Daniel Ricciardo will start Sunday’s Mexican Formula 1 Grand Prix from pole position alongside Red Bull Racing teammate Max Verstappen, who was once again denied a shot at becoming the sport’s youngest ever pole-sitter.

While much of this weekend’s focus will be on whether Lewis Hamilton will clinch his fifth Drivers’ Championship title – the Englishman qualified third-fastest and needs to finish seventh or higher in the race – the sideshow of qualifying provided plenty of excitement and drama where Red Bull Racing showed their rivals a clean pair of heels.

Running on the high-altitude Autódromo Hermanos Rodríguez circuit, the thinner air negates the Renault-powered cars’ traditional power disadvantage. This allowed the Red Bull and factory Renault outfits to get all of their cars into the final phase of qualifying for the first time since the Austrian Grand Prix – another high elevation venue.

The factory Renaults of Nico Hülkenberg and Carlos Sainz Jr. qualified seventh- and eighth-fastest – a result that will no doubt give Ricciardo further comfort ahead of his move there next year – ahead of the similarly impressive Sauber Ferraris of Charles Leclerc and Marcus Ericsson.

Up at the front, qualifying was all about the battle of the Red Bull Racing teammates. Verstappen had been the pacesetter all weekend and finally looked good to break through and claim his first pole position, but he could not account for a scintillating lap from Ricciardo.

The Australian scorched around the 4.3-kilometre circuit on his second Q3 run with a time of 1:14.759, breaking the track’s lap record to claim the third pole position of his F1 career.

Verstappen finished just two-hundredths of a second down and blamed a rear locking issue for being denied his first pole. The front-row lockout was the team’s first since the 2014 turbo-hybrid era began.

Hamilton could not match the two RB14 cars and settled for third on the grid in his Mercedes ahead of arch rival Sebastian Vettel’s Ferrari. With seventh or better needed on Sunday – regardless of where Vettel finishes – he can afford to take it easy but will be mindful of his tangle with the German at the start of last year’s race which gave him a puncture and forced him onto a recovery drive through the field to claim his fourth championship title.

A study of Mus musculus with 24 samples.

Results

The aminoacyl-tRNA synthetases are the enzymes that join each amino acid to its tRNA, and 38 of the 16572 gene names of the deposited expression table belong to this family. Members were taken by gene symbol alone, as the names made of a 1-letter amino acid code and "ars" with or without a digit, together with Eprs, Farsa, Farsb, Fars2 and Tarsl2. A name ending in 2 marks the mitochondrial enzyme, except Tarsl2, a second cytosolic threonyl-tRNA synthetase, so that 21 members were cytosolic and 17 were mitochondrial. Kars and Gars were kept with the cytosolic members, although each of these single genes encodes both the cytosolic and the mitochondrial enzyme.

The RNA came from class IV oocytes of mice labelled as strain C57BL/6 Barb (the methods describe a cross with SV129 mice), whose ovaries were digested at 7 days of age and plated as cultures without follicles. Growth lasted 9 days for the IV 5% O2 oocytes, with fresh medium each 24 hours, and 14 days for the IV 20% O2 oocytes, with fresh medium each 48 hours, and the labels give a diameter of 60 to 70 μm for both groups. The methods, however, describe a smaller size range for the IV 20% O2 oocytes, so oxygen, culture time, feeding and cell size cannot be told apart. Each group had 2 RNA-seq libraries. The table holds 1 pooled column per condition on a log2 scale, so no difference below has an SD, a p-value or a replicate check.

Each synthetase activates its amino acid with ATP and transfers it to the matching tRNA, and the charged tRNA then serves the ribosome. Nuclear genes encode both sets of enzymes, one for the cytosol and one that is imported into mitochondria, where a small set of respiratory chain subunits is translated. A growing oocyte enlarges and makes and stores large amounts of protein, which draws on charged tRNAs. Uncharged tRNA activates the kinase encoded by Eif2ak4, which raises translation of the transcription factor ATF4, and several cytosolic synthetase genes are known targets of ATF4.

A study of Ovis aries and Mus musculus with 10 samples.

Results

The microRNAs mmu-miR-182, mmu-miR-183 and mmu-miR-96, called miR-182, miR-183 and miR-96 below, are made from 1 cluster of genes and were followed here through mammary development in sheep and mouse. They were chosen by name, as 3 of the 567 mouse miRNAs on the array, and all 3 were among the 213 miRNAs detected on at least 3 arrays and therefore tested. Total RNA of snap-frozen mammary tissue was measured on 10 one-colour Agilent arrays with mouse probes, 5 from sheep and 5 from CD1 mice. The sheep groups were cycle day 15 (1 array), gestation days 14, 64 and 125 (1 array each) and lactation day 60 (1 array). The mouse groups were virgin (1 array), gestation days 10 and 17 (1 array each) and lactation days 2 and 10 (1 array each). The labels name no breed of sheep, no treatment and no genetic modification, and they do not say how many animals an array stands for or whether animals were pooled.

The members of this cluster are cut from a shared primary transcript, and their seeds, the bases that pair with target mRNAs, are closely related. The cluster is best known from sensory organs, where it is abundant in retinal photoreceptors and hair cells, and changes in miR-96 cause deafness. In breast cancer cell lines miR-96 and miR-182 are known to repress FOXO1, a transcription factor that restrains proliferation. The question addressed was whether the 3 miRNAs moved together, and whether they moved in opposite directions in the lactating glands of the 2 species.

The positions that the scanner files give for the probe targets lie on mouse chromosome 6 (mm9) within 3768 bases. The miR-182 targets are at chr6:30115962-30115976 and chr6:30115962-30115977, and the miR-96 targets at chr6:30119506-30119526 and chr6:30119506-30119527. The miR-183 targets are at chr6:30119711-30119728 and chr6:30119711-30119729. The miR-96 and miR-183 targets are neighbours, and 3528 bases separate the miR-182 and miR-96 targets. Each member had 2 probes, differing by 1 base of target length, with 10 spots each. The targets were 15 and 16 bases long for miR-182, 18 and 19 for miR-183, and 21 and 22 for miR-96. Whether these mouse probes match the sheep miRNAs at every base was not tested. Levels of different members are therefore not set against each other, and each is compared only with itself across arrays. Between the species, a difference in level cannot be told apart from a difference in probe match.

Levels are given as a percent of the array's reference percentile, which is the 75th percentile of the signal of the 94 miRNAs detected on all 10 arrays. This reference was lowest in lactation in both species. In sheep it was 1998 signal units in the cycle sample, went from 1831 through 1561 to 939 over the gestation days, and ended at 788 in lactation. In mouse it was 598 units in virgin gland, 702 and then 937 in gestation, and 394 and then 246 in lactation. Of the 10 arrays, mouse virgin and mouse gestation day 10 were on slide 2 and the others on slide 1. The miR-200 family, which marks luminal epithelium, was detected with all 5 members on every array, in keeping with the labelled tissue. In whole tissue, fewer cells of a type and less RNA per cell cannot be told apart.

“If you go easy, you can get hit. If you go too aggressive, you can hit or still get hit,” he said, emphatically rejecting suggestions he would play a percentage game. “You’ve got to race it like normal and go in for the win. That’s what I’m going to be doing. I mean, that’s what we’re here to do – to race.”

The form of the Red Bulls over longer runs suggests Hamilton will have his work cut out to beat them, barring reliability woes or the teammates running into each other. Neither is beyond the realms of possibility.

The third row of the grid saw Hamilton and Vettel’s respective teammates, Valtteri Bottas and last weekend’s United States Grand Prix winner Kimi Räikkönen, qualify fifth- and sixth-fastest.

With five teams locking out the first five rows of the grid, the back half features some tales of success and failure. Force India’s run of four consecutive Grands Prix where both Esteban Ocon and Sergio Pérez made the Q3 cut came to an end, with the duo knocked out during Q2. Ocon will start from eleventh on the grid, two spots ahead of teammate and crowd favourite Pérez.

The pair was split by Fernando Alonso in the McLaren Renault. The Spaniard’s MCL33 was a much more competitive force on this unique circuit, although his Formula E-bound teammate Stoffel Vandoorne had another poor session and was only 17th-fastest.

The two Toro Rosso Hondas of Brendon Hartley and Pierre Gasly completed the final Q2 runners, however the latter will start at the back of the grid for an unscheduled gearbox change and taking on more new Honda power unit elements.

In a tight Q1 session, the two Haas Ferraris of Romain Grosjean and Kevin Magnussen just missed out on making the cut, qualifying 16th and 18th-fastest respectively. however Grosjean will serve a three-place grid penalty for his antics in Austin last weekend.

The two Williams’ were predictably at the bottom of the timesheets once again as their nightmare 2018 season approaches its end. Lance Stroll outqualified Sergey Sirotkin for the eighth time this season.

Image via Red Bull Racing


Founder & Chief Editor at MotorsportM8
Hasn't missed a Grand Prix since 1989. Has a soft spot for Minardi. Tattooed with 35+ Grand Prix circuits.